Friday, 25 May 2012


She warned me, and she was right. Rachel said I'd cry if I watched it, and I did. It was last week's episode of BBC's DIY SOS called "The big build - Enfield". It was about Eric Rivers who has a rapid form of MND and his wife Davina and their three children. It was obviously filmed last November. Their home is a two-bedroomed terrace in Enfield. Their youngest daughter had to sleep in her parents' bedroom, and all of them were grieving for a family life of which Eric's MND had already robbed them.

The programme showed the DIY SOS team moving in, supported by a massive outpouring of goodwill from local tradesmen and love from their friends, and transforming their home in just over a week. His daughters had said the priority was to make their home good for their dad. In the event, the team created an extra bedroom in the loft and a dining room extension on the back. Like us they made a wet-room and put in a through-floor lift. Eric's repeated statement was "the greatest gift we have is time" - and that's what the SOS team had given him - more time to enjoy with his family. Unfortunately it's too late now to see the programme on iPlayer, but you can see short extracts and more about it here: Clips from Enfield.

The Rivers experience a problem shared by many families plunged into MND or other disability - finding their home quite unsuitable for their rapidly disabled member. Most families don't have an incredibly persistent friend who tweats the BBC and the presenter until they agree to refurbish their house completely - not that anyone would begrudge the Rivers' family the help they received one tiny bit. In fact one's glad for all the good fortune and help that others receive. We were fortunate enough ourselves to have been given sufficient capital to adapt our home before we moved in. Most people are struggling to get adaptations done while they're in situ and as their needs constantly increase. Yesterday we went to Bicester Garden Centre for a meeting our local MND Association branch. There were lots of us there. We met a couple who were having to sell their family home to move into a flat, while another of our friends was faced with dismantling adaptations and a wet-room which an incompetent contractor had messed up and failed to complete before his wife had died of MND.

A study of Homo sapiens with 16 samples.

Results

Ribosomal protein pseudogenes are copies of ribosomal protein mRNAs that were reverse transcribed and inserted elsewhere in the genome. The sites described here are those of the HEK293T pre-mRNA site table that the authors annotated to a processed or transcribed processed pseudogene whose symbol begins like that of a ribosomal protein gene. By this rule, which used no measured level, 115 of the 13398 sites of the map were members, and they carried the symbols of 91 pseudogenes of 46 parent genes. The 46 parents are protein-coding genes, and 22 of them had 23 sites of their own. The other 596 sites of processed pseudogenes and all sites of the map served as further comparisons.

Our area is well supported by the Oxford MND Centre, but many areas are not so well served - which makes it all the more important that there should be a nationwide provision, not only for MND, but also for the other progressive neurological conditions, such as ataxia and muscular dystrophy, which no one expects and for which no one is prepared. Most people do not have the luxury of time of which I have been given much. As Eric Rivers said, in situations such as his, "the greatest gift we have is time". Let's give people like him, as much quality time as possible. It will be an incalculable present.